Meet Bryce David Vanderpool, born on July 18, 2017.
Bryce was diagnosed with Critical Aortic Stenosis (aortic valve too small for proper function) when his mother was 24 weeks along in her pregnancy. This diagnosis was confirmed at birth, and it was discovered that Bryce may have suffered a heart attack in utero, causing a blood clot to develop in the left ventricle of his heart, which prevents it from pumping as it should, and supplying adequate blood flow to the rest of his body.
Treatment so far has included surgery to determine if a heart bypass was a viable option (it isn’t), medication to dissolve the clot (not effective), pulmonary artery bands to restrict blood flow to the lungs (too dangerous, as this resulted in the blood clot breaking up and going to his brain, which caused several small strokes and accompanying seizures, but thankfully without permanent brain damage), and blood thinners (limited success, but not enough for the damaged heart to keep up with the proper supply of blood to the body). Now, at two months of age, Bryce has been diagnosed with heart failure, and his doctors have determined that the remaining treatment option is a heart transplant.
His is an extremely rare case and there are no documented cases for his doctors to refer to refer to for treatment, but this little slugger has been through the wringer and he’s still swinging, so his medical team and his family are 100% dedicated to the heart transplant option as his best shot at a normal, healthy life.
His family is just starting the transplant process, which means that Bryce will be transported to Stanford Children's Hospital in Palo Alto, CA early next week (week of September 25th). His parents, Brad and Brie Vanderpool, live 120 miles away and will have to commute in shifts during the workweek so they can work in order to retain their health insurance coverage, and to care for Bryce’s big brother Braxton.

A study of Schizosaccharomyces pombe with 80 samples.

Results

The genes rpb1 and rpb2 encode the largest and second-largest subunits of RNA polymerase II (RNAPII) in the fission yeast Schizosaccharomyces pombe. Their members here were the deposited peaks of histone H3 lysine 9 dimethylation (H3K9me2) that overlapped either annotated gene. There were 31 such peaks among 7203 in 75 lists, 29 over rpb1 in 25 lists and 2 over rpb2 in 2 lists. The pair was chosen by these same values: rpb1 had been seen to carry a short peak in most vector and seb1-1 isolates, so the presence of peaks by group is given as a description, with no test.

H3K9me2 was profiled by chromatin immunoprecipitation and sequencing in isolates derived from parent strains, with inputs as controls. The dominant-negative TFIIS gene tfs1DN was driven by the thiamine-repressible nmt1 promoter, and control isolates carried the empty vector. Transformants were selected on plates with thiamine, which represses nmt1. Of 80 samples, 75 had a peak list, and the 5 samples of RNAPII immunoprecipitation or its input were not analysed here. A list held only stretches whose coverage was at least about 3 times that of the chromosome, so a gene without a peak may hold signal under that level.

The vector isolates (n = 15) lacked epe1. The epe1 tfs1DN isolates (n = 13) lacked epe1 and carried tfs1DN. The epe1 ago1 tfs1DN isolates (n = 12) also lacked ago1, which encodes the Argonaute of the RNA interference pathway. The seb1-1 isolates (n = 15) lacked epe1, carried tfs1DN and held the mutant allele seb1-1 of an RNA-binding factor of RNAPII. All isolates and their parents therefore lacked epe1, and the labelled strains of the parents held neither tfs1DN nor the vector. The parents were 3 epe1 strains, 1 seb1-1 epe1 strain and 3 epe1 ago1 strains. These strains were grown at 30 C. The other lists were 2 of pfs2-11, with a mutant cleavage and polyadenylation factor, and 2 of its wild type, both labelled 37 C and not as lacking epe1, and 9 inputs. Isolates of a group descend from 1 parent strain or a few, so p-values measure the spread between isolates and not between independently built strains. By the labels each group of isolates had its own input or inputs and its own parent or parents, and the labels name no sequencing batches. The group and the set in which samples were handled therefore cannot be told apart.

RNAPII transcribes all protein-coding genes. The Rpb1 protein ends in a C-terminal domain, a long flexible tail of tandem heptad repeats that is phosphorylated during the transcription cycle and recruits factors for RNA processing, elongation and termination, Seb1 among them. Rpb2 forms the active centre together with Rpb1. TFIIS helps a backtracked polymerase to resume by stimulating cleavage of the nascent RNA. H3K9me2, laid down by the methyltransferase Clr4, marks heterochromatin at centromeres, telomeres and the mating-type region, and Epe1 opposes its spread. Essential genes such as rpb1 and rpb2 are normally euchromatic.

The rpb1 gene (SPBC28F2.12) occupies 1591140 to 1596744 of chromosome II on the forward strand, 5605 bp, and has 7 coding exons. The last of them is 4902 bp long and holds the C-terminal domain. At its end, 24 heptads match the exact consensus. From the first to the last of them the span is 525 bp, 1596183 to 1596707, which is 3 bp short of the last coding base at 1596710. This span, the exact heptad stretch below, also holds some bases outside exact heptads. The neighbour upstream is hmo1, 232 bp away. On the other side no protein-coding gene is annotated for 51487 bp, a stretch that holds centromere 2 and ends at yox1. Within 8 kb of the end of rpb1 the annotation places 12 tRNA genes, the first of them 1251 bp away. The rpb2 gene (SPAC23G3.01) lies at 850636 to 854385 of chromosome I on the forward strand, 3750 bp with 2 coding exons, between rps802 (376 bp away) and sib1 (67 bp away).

They have applied for a room in the Ronald McDonald House for families of child patients, but there is a waiting list and the best next available option for them in Palo Alto is discounted rates at local hotels, which will very quickly become a huge expense. Depending on how long it takes for a heart to become available, there will be times when his parents will have to take time off work unpaid so they can be with him for specific procedures and surgeries. There will also be a need for help with co-pays for medical bills and medication, commuting costs, etc., which are bound to arise along the way.
Although Brad & Brie don’t know how much Bryce’s medical bills will be at this point, they would like to set a fundraising goal of $75,000, and hope that the process will go quickly and smoothly so nowhere near that amount is actually needed.
The have committed that any money that isn't used to be donated to the Stanford Children's Heart program, to help continue its mission to research childhood heart disease and hopefully find a cure.
Bryce and his family have already proven they are fighters, but they need our help. Please pitch in and help now with whatever you can spare. Thank you!